If you could help design new ladder stands?




The Loggy Bayou Bowhunter. Picked up 4 of them for $80 each on clearance over the past couple years. Regular $140 each.

I have Rivers Edge Action ladders, a Big Game something or other, and a new Ameristep that is still in the box. Couldn't pass up the Ameristep Bowhunter at $50 on clearance.

The Loggy Bayou is outstanding. At regular price, its too much for me, but wait for the year end clearances, and I dont think you can beat it.

Its a 15 ft stand. Ladder sections are 3 ft each, so it breaks down very nice and small. Seat folds up. Standing platform is as big as they get on ladder stands, and with the fold up seat its awesome. The seat is wider than most, if not all one man ladder stands. Comes with cushion(not a huge deal, but nice). Its comfy and I feel very safe using it.

So many other stands just don't fit well with me with the small standing platforms. With big boots on, I feel like I am teetering on the edge all the time.

I do not honestly know what I would want any different than what the Loggy Bayou Bowhunter ladder offers.


I only use ladderstands anymore cuz i don't like to use the tree screws, and they are much easier to get in and out of. So here are my opinions,

#1- Make the platform go under the seat as stated before. All the way to the tree would be a good idea, and use that for the bottom support.

#2-Figure out some way to hook it all together, while in pieces, for carrying into the woods.

#3-Keep it light.

#4-Adjustable seat height. As stated before wa are all different and one height for all don't work.

#5-Soft seat.

My $.02

Kenny



One other tip is my dad welded a plate underneath the seat platform that looks like a open book facing the tree (welded at the top perimeter to the bar at the rear of the seat). This plate has two holes big enough to screw a treestep into. When you are first putting the stand up, you climb up the ladder enough to reach through and screw the steps in to secure the platform so it doesn't settle when you climb on and tighten the rachet strap.


Yup, The Big Town of Wolf Lake! Moved here 10 years ago from the cities. Found an old farm with some acres. Wife raises goats and I raise whitetails and grouse wink.gif

Can't imagine leaving right now!

Later,

Kenny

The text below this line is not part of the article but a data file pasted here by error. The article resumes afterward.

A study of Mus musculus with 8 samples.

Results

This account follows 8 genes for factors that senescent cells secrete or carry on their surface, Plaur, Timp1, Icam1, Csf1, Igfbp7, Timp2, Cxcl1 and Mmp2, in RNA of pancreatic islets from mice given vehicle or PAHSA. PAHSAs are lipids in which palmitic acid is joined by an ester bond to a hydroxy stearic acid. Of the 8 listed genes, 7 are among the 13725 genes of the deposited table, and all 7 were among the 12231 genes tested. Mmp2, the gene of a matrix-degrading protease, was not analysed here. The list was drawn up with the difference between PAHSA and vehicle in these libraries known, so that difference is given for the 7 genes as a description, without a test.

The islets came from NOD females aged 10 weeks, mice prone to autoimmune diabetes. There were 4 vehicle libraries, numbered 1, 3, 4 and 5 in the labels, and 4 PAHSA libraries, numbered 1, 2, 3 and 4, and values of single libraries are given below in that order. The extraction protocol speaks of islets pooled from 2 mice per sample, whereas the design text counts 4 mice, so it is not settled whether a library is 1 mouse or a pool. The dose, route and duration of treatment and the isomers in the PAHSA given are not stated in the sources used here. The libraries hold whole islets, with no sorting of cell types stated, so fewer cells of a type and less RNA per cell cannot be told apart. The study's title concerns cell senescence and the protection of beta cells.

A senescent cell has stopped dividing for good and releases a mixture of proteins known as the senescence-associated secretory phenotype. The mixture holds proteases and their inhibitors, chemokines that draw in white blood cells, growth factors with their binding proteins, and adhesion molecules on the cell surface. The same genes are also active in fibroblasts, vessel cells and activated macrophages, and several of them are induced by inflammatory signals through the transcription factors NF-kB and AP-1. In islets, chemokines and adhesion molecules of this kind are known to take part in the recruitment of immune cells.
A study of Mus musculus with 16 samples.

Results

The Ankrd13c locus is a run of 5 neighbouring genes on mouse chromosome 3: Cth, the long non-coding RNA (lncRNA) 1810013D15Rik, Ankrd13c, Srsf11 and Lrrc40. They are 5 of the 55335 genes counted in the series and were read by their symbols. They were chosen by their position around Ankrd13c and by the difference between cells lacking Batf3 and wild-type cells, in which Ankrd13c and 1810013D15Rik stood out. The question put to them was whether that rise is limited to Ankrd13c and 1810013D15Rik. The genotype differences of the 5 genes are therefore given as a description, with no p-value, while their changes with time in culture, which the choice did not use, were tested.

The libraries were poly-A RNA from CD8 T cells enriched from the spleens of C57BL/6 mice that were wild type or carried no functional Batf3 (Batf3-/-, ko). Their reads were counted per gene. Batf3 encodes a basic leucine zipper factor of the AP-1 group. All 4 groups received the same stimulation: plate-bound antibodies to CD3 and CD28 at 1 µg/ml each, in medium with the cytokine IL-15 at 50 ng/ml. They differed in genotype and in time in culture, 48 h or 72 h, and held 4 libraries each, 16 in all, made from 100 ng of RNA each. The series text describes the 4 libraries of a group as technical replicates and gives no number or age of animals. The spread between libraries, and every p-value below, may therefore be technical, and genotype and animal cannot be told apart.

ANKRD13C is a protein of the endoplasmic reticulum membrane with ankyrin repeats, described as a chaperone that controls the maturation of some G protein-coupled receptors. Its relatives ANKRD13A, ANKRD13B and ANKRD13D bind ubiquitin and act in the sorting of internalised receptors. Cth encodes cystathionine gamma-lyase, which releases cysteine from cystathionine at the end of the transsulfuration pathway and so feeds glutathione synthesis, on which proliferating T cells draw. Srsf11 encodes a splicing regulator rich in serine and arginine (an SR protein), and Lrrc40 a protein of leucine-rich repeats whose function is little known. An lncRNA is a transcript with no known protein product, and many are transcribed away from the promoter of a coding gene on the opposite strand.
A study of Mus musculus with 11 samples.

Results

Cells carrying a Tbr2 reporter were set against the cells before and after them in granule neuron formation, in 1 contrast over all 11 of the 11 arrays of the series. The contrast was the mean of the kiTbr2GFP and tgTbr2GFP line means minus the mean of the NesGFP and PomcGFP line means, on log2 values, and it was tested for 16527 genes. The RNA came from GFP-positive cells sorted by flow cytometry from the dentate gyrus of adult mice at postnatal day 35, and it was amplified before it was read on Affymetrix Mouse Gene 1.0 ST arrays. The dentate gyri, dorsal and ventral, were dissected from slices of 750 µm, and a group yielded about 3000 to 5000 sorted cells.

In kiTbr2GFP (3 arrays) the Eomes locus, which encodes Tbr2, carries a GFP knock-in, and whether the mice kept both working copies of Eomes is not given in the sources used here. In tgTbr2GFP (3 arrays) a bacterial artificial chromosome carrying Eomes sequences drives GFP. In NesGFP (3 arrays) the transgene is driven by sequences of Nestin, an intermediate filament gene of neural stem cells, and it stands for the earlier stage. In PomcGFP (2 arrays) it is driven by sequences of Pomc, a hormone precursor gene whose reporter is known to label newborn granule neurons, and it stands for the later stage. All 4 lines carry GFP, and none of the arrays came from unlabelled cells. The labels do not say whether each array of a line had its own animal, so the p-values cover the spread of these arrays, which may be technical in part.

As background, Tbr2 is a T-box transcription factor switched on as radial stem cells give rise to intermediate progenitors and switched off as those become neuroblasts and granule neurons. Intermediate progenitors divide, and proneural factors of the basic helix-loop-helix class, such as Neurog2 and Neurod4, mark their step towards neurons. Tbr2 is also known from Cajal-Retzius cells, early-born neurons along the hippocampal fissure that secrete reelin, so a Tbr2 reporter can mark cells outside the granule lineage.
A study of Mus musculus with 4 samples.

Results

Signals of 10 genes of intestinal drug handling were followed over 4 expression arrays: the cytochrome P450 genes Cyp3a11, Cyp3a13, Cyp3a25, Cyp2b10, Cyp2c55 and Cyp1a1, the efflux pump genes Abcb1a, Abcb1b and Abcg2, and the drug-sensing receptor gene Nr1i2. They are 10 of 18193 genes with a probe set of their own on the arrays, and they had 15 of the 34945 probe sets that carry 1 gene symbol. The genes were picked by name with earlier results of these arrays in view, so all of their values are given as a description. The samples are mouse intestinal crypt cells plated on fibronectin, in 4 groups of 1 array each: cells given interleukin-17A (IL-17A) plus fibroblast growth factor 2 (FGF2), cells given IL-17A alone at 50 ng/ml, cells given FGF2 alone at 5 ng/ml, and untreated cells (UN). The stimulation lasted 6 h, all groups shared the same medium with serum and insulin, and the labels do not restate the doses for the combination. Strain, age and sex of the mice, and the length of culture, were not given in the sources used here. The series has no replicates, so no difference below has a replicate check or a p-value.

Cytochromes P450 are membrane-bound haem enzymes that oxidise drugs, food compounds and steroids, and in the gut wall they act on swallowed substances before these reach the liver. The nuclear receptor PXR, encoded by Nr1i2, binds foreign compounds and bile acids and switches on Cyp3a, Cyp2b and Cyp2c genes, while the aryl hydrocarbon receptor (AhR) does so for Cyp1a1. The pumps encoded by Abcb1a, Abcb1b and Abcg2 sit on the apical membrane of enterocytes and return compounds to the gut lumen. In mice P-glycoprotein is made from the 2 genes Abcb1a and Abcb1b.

Ok now for my real answer, since the one above takes all the fun out of deer hunting, I like nice large platforms on my tree stands, currenlty i use ones i build myself and a river edge, also a wide seat with a pad. I also like light tree stands with a good strap for the tree. And it has to be QUIET in the cold temperatures of late November. I would also like a built in bow holder on the side of the stand.

A. Shae


Hi from one Crystal resident to another. Grew up just north of Bass Lk rd. Anyways I purchased my first two ladder stands this late fall/early winter for archery season and one thing for sure is that I would include detachable wheels on the base of or some where on the ladder. I found that I would be more likely to move it if it had wheels on it and not have to take it apart and still be some what mobile. I moved both stands a total of 8 times in about a month, yes I was not patient enough but it was a new area that I aquired late in the season and need to "fine tune" my stand locations.

I might purchase myself a couple old ten speed tires and mount something to them so all I have to do is tip the lander stand and go to next spot. Also if there is another way of safely putting them up with out a second person while you put the strap around the tree would be beneficial. Sorry I just added more complications to your initial question.

1. wheels for ladder stand to move.

2. an easier way to initially and safely strap the stand to the tree without tipping over and falling to my death.

MR grin.gifgrin.gif



on another note...where can I get a hot tub stand like the one above?


I've taken these stands to Canada for bear hunting. To get them in my trailer without hanging to far out, I cut the legs and install pipe unions.

2 sections of pipe (21 footers) can make one stand. The final height to the platform comes to 15ft.

I stated making these because my dad was getting older, so the more stable platform(3ftx3ft), gave him a more secured feeling.